Varsha Koduvayur: Trump needs to tell Qatar's emir to come clean about gifts to US universities

When President Trump hosts the emir of Qatar at the White House Tuesday, the president should confront him about a topic much discussed in Washington these days: foreign influence.

Qatar has spent tens of millions of dollars on Washington lobbyists, but it spends far more on gifts to top American universities. With total donations of more than $1.4 billion, it is the top foreign donor overall. It has directed funding to Georgetown, Texas A&M, Virginia Commonwealth University (VCU), Cornell, Michigan, Northwestern, and others. Georgetown, VCU, Cornell, and Texas A&M have even established branch campuses in Qatar.

The problem, according to a letter from the U.S. Department of Education announcing an investigation, is that disclosure reports made by Georgetown and Texas A&M “may not fully capture” Qatari gifts, the department noted in the letter. Federal law requires them to report foreign donations worth more than $250,000. The department’s inquiry is part of a broader push to monitor foreign money at American schools.


Qatar sends most of its donations to American universities through the state-backed Qatar Foundation. Last October, the foundation took the rare step of suing Texas’ attorney general to prevent him from forcing A&M to disclose its contract with Qatar, claiming that the terms of the contract are a “trade secret” and thus their exposure could hurt the foundation commercially. While A&M is public, private institutions are not obliged to disclose the terms of their contracts – making the Education Department’s probe more vital. (To its credit, VCU disclosed its contract voluntarily).

If the problem of secrecy didn’t raise red flags, this should: the Qatar Foundation is renowned for hosting virulently extremist preachers at its flashy mosque in Qatar’s Education City, located near the satellite campuses of American universities.

Not only do these preachers openly peddle the hate that forms the ideological backbone of groups like the Islamic State, but they also receive a red-carpet welcome to do so. The foundation’s mosque even hosted a preacher who called the 2015 Charlie Hebdo massacres in Paris “the sequel to the comedy film of 9/11,” another who said Jews use human blood to bake Passover matzah, and yet another who justified the devastating 2004 tsunami in Southeast Asia as punishment for holiday resorts where “fornication and sexual perversion” is “rampant.”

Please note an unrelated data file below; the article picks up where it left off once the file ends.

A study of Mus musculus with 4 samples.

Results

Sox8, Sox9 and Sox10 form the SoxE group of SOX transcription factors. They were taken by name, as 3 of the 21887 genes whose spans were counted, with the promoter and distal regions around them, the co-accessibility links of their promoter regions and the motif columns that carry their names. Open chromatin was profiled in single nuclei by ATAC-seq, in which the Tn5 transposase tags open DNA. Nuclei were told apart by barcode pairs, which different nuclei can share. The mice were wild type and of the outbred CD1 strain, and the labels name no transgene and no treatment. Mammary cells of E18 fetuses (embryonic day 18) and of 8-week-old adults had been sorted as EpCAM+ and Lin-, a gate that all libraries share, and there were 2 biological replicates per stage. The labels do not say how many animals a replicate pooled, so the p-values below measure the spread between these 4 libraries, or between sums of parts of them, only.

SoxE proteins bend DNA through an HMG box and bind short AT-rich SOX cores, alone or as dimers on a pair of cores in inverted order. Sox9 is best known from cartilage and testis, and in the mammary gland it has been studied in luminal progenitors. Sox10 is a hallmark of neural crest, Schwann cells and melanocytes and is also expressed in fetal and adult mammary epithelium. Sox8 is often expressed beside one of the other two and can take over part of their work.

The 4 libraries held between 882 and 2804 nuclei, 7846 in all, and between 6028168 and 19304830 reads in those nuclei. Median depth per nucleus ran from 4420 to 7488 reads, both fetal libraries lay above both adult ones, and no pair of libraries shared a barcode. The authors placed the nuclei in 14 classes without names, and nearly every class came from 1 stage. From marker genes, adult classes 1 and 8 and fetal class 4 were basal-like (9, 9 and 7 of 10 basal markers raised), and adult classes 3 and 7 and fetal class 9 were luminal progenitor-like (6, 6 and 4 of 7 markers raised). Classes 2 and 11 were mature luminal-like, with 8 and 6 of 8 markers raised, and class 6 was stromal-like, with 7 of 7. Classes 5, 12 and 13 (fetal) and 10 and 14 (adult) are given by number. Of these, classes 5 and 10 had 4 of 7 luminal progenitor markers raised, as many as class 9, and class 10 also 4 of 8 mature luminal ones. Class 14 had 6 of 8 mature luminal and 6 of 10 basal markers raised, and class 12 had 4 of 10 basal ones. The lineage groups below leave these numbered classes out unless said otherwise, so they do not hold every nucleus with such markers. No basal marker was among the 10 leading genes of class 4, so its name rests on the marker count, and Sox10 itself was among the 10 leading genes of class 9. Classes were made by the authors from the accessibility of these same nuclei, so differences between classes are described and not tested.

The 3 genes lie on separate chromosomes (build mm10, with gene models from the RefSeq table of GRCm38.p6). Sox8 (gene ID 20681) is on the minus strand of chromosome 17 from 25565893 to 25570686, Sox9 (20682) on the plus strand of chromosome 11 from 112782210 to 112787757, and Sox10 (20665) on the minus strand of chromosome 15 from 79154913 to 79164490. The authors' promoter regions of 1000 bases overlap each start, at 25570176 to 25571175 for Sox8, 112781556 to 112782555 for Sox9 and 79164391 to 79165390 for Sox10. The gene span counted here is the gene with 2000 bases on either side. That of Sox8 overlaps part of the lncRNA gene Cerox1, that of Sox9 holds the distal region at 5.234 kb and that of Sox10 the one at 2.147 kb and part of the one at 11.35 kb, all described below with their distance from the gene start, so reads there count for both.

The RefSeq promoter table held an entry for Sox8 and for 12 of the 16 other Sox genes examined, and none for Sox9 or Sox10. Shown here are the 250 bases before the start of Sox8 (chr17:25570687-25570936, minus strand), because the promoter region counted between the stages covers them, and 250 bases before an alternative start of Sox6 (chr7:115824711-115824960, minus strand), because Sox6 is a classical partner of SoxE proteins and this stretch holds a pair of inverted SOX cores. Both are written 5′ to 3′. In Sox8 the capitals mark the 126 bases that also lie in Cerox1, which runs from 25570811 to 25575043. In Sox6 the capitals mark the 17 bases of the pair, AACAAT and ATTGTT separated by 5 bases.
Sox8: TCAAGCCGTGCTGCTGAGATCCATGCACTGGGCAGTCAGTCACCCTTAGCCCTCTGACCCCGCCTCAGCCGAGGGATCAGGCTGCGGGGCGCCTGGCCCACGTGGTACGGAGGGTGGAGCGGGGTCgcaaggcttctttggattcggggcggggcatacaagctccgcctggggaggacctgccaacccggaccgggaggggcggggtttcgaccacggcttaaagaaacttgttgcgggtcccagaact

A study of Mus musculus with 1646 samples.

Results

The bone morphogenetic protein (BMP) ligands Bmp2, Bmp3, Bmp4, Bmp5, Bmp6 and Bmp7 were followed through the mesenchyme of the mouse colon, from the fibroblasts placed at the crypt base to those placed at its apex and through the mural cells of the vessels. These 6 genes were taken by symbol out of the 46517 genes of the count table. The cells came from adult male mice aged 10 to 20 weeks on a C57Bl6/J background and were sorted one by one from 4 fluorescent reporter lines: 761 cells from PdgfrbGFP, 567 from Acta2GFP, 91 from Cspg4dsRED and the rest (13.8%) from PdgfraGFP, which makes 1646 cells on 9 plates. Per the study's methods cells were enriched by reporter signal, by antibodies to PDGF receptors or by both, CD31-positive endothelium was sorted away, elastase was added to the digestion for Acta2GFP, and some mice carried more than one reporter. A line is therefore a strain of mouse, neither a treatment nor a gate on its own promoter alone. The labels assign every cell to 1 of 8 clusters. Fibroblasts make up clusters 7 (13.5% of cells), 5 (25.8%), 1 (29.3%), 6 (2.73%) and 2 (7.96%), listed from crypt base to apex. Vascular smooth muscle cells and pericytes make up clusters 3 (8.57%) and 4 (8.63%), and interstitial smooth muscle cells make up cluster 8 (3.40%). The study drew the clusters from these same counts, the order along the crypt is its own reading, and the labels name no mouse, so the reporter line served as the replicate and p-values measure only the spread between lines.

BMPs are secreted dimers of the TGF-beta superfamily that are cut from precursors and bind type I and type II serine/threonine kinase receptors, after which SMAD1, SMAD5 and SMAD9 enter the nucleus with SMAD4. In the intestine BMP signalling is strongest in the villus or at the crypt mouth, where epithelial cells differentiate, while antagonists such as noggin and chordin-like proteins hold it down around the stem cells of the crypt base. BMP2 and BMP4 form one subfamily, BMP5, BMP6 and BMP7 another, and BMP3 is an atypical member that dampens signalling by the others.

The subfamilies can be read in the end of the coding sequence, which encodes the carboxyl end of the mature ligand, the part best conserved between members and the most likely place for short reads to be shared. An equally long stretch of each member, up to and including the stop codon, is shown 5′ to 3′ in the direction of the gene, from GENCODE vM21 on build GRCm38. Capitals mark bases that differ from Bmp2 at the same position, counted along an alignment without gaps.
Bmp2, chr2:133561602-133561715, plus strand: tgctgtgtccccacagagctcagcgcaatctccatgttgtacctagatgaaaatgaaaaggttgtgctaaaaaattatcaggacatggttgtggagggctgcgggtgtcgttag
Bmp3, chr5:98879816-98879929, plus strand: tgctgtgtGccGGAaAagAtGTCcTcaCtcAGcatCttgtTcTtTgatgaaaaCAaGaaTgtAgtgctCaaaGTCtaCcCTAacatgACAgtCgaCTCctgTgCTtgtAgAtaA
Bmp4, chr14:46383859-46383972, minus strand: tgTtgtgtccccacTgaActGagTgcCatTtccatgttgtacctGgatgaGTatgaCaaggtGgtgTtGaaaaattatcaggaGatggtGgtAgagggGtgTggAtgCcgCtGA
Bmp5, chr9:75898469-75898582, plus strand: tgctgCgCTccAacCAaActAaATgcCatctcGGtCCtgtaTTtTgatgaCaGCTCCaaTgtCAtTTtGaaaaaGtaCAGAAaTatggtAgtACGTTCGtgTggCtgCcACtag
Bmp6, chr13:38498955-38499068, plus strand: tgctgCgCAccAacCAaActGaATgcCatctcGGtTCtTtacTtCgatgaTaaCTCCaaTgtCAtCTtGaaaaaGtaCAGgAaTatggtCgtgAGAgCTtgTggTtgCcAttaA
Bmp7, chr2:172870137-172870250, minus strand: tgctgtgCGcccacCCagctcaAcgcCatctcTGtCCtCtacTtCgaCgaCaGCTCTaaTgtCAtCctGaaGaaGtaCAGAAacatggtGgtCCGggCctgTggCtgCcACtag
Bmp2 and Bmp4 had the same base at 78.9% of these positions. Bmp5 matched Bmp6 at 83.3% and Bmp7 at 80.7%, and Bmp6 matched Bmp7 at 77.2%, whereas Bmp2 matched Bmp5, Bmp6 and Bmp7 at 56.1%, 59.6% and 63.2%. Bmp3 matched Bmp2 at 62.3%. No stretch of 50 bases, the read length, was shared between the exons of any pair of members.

If an organization funds this kind of extremism, the American public has an interest in knowing what kind of programs it is bankrolling at U.S. universities. It should also be clear that Qatar’s charitable giving is not altruistic. Rather, it seems to hope its donations will encourage American decision-makers to overlook the country’s nefarious actions overseas, such as gifting hundreds of millions of dollars to Hamas in Gaza, funding extremist militias in Libya, and paying huge ransoms to terrorists in Iraq and Syria.

On Tuesday President Trump should tell the emir that America welcomes genuine investments in our education system, but not influence peddling. Trump should explicitly note to the emir that his administration will not tolerate the Qatar Foundation’s bad-faith efforts to circumvent federal disclosure rules.

President Trump should tell the emir that America welcomes genuine investments in our education system, but not influence peddling.

Trump may also make clear that meddling in America’s public schools is not welcome. The Qatar Foundation, through its American subsidiary Qatar Foundation International (QFI), has donated more than $30 million to public schools in Texas, Oregon, Arizona, and elsewhere for Arabic language education, a Wall Street Journal investigation revealed.

While Qatar’s generosity to K-12 schools pays for teacher training programs, cultural events, and curriculum development, a closer look shows that its support is not always in step with American values. The Foundation’s main curriculum resource website, for example, offers a lesson plan titled “Express Your Loyalty to Qatar,” while another lesson plan states that the U.S. began the Iraq war to “feast on” Iraq’s economy.


Qatar is smaller than Connecticut but has vast reserves of natural gas. And the authority of the emir is absolute. The U.S. has the ability to dictate its terms with Qatar. President Trump should not hesitate to do so.